As he earned his degree at Augustana, Blaine Gusdal played four seasons for the Vikings. Three quarters of the team lived in residence and they formed a tight-knit group. “We were a small fraternity,” he said, “and after graduation, some of the guys from the team were in my wedding party. They were the four best years of my life.”
Former Pittsburgh Penguins head coach Mike Johnston was then in his last year of coaching for the Vikings, and he was a role model for Blaine. Blaine already knew he wanted to be a coach, and he saw many qualities in Mike Johnson that he wanted to emulate: he was passionate, a successful communicator, and well prepared. He chose players with good characters, and then he focused on not only creating good hockey players, but good people. He also focussed on his players being accountable as good all-around students and good athletes. “I already knew that I wanted to coach,” Blaine says, “so I soaked up as much as a could from Mike.”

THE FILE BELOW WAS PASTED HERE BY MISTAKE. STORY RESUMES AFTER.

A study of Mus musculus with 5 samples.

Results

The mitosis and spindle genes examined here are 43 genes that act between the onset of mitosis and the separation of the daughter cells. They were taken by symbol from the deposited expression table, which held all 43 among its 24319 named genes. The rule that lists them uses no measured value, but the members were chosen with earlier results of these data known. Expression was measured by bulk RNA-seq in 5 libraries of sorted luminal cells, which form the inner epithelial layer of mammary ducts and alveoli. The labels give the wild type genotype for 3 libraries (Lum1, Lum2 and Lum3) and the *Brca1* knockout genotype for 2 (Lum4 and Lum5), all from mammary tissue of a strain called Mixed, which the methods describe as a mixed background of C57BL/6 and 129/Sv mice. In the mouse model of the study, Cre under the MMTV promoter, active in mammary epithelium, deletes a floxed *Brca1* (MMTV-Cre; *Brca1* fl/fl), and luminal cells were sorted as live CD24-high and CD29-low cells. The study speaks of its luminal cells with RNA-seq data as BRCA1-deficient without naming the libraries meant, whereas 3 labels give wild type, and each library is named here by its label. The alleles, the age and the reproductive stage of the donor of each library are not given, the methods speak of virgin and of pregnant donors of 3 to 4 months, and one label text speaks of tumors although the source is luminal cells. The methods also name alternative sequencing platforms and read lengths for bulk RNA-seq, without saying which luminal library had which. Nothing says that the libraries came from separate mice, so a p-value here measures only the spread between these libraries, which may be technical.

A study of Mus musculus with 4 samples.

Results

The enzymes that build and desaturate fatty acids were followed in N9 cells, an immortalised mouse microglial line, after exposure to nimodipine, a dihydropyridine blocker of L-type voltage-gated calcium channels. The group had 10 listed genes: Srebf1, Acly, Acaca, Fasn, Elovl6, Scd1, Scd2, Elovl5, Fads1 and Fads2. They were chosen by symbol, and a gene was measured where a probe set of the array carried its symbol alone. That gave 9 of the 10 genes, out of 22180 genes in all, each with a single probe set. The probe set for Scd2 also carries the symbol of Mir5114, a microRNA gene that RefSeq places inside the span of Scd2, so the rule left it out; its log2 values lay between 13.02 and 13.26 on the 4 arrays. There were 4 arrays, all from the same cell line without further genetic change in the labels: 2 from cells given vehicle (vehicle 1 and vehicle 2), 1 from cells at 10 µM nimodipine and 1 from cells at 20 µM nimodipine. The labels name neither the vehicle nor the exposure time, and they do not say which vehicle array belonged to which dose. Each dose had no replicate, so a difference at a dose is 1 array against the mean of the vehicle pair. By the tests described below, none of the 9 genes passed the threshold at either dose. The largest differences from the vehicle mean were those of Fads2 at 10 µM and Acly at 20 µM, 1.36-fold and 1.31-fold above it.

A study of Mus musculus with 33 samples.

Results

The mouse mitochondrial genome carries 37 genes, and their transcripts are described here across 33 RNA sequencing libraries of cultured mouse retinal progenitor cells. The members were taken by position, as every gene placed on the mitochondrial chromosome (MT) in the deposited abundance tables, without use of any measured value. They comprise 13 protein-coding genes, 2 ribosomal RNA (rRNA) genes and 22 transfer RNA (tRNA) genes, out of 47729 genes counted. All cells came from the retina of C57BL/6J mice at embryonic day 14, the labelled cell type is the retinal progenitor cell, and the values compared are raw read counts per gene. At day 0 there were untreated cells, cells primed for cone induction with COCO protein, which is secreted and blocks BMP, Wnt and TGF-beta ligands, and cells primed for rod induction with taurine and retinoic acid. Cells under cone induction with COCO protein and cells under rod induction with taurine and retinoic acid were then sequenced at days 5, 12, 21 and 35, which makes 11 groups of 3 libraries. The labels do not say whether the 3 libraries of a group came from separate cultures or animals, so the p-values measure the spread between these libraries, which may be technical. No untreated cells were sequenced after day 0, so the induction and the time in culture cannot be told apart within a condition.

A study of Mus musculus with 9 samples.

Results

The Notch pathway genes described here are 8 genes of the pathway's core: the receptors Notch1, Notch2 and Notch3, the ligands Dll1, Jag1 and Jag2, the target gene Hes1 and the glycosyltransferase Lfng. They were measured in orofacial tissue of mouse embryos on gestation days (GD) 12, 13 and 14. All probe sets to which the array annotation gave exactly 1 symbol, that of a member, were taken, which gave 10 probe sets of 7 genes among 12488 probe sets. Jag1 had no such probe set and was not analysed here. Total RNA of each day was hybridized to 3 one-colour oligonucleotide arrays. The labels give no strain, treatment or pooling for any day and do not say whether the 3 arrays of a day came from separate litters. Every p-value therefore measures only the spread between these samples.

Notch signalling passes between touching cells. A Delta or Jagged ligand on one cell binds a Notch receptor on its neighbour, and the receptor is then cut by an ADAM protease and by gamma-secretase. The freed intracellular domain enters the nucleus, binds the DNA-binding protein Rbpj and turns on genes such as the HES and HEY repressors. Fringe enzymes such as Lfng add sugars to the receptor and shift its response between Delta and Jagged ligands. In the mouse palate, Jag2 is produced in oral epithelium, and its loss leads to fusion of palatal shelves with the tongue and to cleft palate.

Blaine says there are three keys to good coaching: preparation of the coach, preparation of the players, and holding players accountable for their performance and the results of the game.
After he graduated from Augustana, Blaine went on to complete a Master of Arts in sports psychology at the University of Saskatchewan, and then was hired to coach the WHL team in North Battleford. He remembers sitting with other Augustana alumni, talking about their dreams for their careers. He said that if he could coach any team he wanted, he would love to go back to Augustana be the head coach of the Vikings.
In 2008, Blaine’s dream came true.
“Coaching at Augustana is a perfect fit for my family,” Blaine explains. “I absolutely love being on campus, and I love spending time at the arena each day. I’m passionate about my work, and I’ll often be at the arena until 2 a.m. doing what needs to be done. Augustana is a good fit because I’m very family-oriented, and the ACAC program allows me to spend lots of time with my wife and be there for my kids as they grow up. Plus,” he says with a smile, “I get to coach a terrific team of players.”
For a hockey coach, this is a rare and special lifestyle.
“I am Viking red through and through,” Blaine admits. “Being a Viking is part of my whole make up, more than any other hockey experience I’ve had. I’m a Viking alumni first and foremost.”